This engrained tolerance of lying and bad behavior has seriously damaged trust in American business. In recent USA Today polls, nearly 70 percent of respondents now say they distrust business executives. Large institutional investors, such as pension funds CalPERS and TIAA-CREF, have started voting against management decisions in publicly traded companies.
Ultimately, experts say, changing the ethical climate must be led by businesspeople themselves. "What Sarbanes-Oxley mandates, directors of companies and entrepreneurs could already have been doing. Corporate best-practices cases that follow Sarbanes-Oxley were already out there to be studied," says Driscoll. To make wholesale changes to the ethical climate, Driscoll says, businesses have to drastically change their internal systems of governance, creating truly independent internal monitors of behavior; offering stronger protections to whistle-blowers; putting systems in place that can anticipate ethics problems; and having corporate leaders not only talk about ethical behavior, but also set out specific changes that will be instituted to improve ethical standards.
But for the ethical climate to truly change, society as a whole must change. Batstone contends the general public needs to embrace the idea that the process is as important as the result, and that material success is not the ultimate determinant of self-worth and status. He argues that leaders in society need to show their organizations-and the general public-that they are contributing to society in ways other than providing a product, a good or another material item. Meanwhile, Batstone says, leaders have to shed the idea that material success equals entitlement, including entitlement to take whatever actions-ethical or not-are required to achieve success.
For his part, berinvestor Warren Buffett has argued that one way to force society, and leaders in particular, to focus more on ethics is to limit the compensation paid to leaders in all fields, forcing them to focus less on material wealth. In fact, Buffett has urged shareholders to protest executives who receive extravagant salaries.
Even as lying has become more common, significant evidence shows that Americans increasingly say they favor organizations-corporations, nonprofits, political groups-that embrace ethical practices and ideas. According to Business for Social Responsibility, a nonprofit advocacy group, in a 2002 study by DePaul University in Chicago, the overall financial performance of companies rated highly in Business Ethics magazine was better than the performance of firms that received a lower rating.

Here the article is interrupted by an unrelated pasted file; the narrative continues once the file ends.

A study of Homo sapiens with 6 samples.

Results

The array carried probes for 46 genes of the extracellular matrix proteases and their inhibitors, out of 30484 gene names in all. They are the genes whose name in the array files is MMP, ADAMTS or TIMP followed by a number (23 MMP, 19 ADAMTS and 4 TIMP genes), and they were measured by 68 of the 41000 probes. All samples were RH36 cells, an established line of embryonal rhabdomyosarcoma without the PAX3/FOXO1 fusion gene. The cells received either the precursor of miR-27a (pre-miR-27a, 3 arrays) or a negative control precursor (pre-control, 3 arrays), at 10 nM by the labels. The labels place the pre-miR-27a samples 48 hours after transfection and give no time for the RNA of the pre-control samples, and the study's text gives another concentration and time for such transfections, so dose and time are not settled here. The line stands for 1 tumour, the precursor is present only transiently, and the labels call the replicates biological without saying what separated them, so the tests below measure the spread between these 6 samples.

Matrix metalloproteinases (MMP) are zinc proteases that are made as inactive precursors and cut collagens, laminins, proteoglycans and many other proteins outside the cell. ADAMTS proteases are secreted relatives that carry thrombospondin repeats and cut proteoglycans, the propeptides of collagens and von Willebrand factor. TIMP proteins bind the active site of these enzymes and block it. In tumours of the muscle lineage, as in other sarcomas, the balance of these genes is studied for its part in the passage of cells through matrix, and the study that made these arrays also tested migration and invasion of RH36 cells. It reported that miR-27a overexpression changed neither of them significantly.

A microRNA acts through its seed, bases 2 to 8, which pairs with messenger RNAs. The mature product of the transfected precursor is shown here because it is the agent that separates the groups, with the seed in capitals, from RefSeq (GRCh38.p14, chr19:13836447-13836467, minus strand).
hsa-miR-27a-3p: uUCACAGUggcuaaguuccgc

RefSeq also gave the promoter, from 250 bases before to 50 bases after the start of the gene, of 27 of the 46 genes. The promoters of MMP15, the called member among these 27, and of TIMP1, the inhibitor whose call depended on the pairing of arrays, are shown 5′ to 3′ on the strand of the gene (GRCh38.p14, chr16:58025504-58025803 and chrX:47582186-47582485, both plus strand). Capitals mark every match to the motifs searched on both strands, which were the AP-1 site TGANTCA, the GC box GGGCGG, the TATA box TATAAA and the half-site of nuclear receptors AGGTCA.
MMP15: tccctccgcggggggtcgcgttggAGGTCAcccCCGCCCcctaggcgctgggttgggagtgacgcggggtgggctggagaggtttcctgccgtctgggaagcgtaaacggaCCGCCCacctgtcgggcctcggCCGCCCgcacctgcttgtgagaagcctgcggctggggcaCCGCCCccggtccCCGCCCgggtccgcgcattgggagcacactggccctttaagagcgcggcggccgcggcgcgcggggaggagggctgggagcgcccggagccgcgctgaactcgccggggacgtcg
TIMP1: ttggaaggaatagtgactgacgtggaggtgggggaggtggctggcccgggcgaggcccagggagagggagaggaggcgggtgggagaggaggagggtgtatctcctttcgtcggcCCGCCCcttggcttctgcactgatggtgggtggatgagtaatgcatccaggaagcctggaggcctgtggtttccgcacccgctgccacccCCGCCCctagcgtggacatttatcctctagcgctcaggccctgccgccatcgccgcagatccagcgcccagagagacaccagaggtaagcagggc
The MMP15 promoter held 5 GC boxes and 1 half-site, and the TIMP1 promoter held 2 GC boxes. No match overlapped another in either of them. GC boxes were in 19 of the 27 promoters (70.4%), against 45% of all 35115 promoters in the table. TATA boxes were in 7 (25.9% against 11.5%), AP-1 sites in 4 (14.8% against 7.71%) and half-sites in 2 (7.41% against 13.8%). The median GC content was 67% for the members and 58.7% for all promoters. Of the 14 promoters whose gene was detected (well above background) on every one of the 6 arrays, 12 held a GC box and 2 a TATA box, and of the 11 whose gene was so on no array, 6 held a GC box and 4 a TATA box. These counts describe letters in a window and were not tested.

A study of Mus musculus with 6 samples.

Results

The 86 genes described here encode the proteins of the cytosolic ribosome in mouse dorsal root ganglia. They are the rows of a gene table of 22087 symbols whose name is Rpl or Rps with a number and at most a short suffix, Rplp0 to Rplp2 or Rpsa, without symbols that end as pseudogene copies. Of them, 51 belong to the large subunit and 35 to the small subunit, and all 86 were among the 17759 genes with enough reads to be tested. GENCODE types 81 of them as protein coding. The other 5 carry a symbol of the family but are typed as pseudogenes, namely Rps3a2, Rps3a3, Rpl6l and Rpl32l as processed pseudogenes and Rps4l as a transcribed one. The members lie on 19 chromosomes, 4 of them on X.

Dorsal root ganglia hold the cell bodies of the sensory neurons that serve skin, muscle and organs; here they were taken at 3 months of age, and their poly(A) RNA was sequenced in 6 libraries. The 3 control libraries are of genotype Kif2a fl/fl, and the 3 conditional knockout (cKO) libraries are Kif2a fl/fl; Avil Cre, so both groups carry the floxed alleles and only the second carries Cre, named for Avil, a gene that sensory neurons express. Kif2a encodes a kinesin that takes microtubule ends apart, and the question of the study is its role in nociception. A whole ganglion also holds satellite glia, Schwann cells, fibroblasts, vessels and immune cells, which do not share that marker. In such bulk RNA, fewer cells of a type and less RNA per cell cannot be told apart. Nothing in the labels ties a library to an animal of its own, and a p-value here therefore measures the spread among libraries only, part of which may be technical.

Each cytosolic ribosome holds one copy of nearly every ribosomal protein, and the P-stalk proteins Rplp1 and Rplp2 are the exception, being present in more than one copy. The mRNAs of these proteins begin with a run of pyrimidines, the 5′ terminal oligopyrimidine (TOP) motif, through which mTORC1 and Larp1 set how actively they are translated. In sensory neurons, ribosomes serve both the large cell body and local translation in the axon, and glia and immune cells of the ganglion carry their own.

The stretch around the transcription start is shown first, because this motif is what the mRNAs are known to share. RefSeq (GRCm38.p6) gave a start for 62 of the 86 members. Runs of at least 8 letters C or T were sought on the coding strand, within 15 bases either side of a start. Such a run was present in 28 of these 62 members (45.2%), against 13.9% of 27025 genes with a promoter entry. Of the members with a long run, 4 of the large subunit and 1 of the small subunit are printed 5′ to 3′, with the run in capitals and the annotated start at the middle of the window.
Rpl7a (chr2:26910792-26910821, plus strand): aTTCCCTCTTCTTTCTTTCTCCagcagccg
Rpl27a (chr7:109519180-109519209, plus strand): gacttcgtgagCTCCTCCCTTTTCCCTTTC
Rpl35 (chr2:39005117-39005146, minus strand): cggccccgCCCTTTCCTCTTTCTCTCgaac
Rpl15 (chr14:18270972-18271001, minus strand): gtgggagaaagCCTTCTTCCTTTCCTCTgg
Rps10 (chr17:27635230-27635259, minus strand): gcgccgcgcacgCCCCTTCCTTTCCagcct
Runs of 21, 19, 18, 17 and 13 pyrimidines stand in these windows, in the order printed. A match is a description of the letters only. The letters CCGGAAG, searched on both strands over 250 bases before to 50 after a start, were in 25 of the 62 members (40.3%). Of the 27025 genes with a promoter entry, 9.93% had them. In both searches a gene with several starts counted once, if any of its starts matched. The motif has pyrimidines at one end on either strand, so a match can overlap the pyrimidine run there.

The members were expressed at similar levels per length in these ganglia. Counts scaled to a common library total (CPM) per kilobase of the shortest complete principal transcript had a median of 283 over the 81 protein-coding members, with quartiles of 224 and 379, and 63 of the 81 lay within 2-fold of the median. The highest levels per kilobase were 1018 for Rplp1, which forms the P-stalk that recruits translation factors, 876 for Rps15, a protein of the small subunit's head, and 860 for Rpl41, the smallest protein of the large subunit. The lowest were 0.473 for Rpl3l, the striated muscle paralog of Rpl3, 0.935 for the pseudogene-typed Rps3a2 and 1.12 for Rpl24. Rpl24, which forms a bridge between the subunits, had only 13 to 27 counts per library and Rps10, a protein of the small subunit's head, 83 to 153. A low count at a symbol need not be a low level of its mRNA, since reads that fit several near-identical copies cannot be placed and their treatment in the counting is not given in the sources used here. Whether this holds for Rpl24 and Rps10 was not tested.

As John Brennan, chairman and CEO of investment management firm The Vanguard Group, told Bentley College's Center for Business Ethics, "Companies that mislead or lie always pay a price eventually." Maybe. But for now, old habits still have a strong pull.
Teaching By Example
To reduce unethical business behavior, the hardest change of all may be transforming American popular culture's attitude toward honesty, money and easy satisfaction. Many ethicists suggest that grade schools, elementary schools, universities and graduate schools need to make character education a larger part of their curricula.
To some extent, this has already begun. Junior Achievement Inc., an organization with headquarters in Colorado Springs, Colorado, that teaches children about entrepreneurship, has planned a program called "Excellence Through Ethics," designed to incorporate ethics into the classroom in elementary and secondary schools. Meanwhile, the Markkula Center for Applied Ethics at Santa Clara University in Santa Clara, California, has launched an ethics camp for California elementary and middle school teachers.
But to change the culture, business schools have to respond to the ethics crisis as well. In the past, too many have compartmentalized ethics, offering one class on the subject rather than making it a focus of each course. "Most business school courses on ethics are about complying with rules rather than about broader issues of the social impact of business," says David Batstone, the author of Saving the Corporate Soul (Jossey-Bass). "Who wants to take a course on filling the regulations of Sarbanes-Oxley?"
"Business schools tend to be hard to change because they are rigid. We've been through past crises without much change in business education," says Arthur Brief, director of the Burkenroad Institute for the Study of Ethics and Leadership in Management at Tulane University. Schools must give business ethics a full department so it has prestige and is seen as worthy of attention by students, expand the number of ethics-related courses in their core curricula, and encourage more interactions between students and businesspeople who are focused on ethical practices, he says.
Some business schools are already following Brief's advice. In addition, several schools, including Wharton, have actually raised the ethics bar even before classes start, by checking applicants' resumes and personal statements more closely for fabrications (a practice few schools had followed in the past) and by including more questions about ethics when interviewing potential incoming students.
Joshua Kurlantzick is a writer in Washington, DC.